Agersta Chisels

My friend, Randall Nelson, brought these chisels to my attention. He’s the only person I know who has a chisel with the “Agersta” mark stamped on the blade.

The Agersta chisel is the one at the bottom of the photo below. It bears other blade imprints on the front of the blade, including “MADE IN SWEDEN”. It shares this imprint with the other two chisels in the photo. It’s possible that they all came from the same factory. The blades also seem rough on all of these chisels, appearing to have never received a final finish. All of them have birch handles.

Fagersta Chisel 550px1

The backs of all of the chisels are also rougher than usual. The chisel with the Agerta stamp is the one on the far right.

Fagersta Chisel 550px2

The imprints on the blade read: “AGERSTA  / 1.00  /  MADE IN SWEDEN.” Fagersta Chisel 550px3

Here is a close-up of the mark stamped that is combined with“MADE IN SWEDEN”. It appears to be an “å” or an “ä”. “Agersta” is typically spelled “Ågersta” in Swedish.

Fagersta Chisel Understrike 550px

5 comments on “Agersta Chisels
  1. Kim Malmberg says:

    Hmm. It appears that the first A in Agersta is lower than the last A in the word. So Ågersta could be the most probable word. But although there is a village called Ågersta it returns very few hits and I haven’t fold any information about tool makers in that area. To me the stamp looks little bit homemade, more like a owner’s mark or a stamp used for marking tools owned by for example a school, woodworking shop or other facility.

    • Birch says:

      I had similar luck trying to track down the Ågersta location in Sweden. The markings on this chisel are still very much a mystery to me.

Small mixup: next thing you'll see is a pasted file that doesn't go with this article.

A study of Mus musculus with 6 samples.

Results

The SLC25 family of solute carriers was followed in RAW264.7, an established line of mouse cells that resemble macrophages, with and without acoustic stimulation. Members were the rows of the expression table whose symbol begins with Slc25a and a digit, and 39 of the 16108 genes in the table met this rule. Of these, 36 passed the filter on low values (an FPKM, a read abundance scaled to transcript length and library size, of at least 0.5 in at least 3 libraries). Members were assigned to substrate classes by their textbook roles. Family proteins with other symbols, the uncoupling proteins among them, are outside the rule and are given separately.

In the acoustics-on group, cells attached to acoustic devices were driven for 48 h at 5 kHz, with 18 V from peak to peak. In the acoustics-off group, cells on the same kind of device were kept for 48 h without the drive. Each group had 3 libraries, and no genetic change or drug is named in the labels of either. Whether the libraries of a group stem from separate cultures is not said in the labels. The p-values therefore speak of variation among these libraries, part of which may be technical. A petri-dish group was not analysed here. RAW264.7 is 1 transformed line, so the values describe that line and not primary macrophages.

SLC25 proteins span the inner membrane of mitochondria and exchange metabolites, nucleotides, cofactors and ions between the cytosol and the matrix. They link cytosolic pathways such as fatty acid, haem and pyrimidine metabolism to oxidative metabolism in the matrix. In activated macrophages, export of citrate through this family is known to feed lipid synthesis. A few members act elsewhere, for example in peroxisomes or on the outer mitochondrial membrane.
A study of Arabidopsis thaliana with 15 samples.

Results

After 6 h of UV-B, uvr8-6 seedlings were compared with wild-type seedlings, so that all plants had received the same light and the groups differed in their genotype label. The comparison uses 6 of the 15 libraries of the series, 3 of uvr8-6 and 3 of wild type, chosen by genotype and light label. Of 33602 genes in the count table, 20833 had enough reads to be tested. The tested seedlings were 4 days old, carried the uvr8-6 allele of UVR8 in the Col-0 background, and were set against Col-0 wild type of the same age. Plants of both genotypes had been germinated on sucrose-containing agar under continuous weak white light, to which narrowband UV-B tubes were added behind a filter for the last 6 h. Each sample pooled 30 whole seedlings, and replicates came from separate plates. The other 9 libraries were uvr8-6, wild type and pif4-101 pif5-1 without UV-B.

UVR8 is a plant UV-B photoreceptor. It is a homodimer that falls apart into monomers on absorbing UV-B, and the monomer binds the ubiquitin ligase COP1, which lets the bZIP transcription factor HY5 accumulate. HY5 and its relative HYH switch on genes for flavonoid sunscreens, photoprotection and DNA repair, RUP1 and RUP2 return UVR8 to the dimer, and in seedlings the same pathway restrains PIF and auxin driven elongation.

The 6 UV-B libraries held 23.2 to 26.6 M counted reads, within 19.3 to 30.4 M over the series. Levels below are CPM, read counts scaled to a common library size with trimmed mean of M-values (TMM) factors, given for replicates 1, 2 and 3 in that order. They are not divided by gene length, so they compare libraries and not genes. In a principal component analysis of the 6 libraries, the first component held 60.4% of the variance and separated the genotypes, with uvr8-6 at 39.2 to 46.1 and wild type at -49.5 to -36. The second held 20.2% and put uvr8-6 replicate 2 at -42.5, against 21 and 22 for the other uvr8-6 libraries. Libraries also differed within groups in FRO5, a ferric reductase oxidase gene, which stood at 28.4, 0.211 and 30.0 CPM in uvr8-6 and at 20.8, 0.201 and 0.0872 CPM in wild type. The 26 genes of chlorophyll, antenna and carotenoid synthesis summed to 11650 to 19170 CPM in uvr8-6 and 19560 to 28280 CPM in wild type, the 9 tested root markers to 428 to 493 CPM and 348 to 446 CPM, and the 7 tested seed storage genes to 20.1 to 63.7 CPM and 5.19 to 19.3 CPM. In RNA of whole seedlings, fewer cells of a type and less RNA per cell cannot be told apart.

• Håkan T says:

      The stamp should probably have said: “Fagersta”

      From Wikipedia:

      The city is located at the junction of two railways between Ludvika-Västerås and Avesta (Krylbo)-Örebro, in the heart of the historic Bergslagen region which is rich in copper and iron ore. There has been mining activity in the Fagersta area since the 15th century but it was not organized until the 17th century and was not made a corporation until 1873, when Fagersta Bruks AB was founded.
      Fagersta was made a city in 1944 when the industrial hot spot of Fagersta merged with its service-oriented neighbour Västanfors. It is now the seat of Fagersta Municipality.
      Today’s industry is focused on hard metal tools (Seco Tools AB and Atlas Copco Secoroc AB) and stainless steel products (Fagersta Stainless AB and OUTOKUMPU Stainless Tubular Products AB).

  2. Dennis says:

    I notice that the stamps are on an area that is usually tempered. ?

    • Birch says:

      Yes. Parts of the blade stamps appear to be in areas that may have been hardened and tempered.

      Perhaps they were stamped after the blade was softened (annealed) and shaped, but before hardening and tempering.

      I was curious about the hardening and tempering of a Gensco chisel a short while ago. I dipped the blade into a mild solution of citric acid and water to reveal the quenching line and found that it was hardened only half way up the blade. You can see my post on this here:

      Berg used to brag in their ads that they were hardened 3/4 ways up the blade, so it seems that not all chisel manufacturers went that high.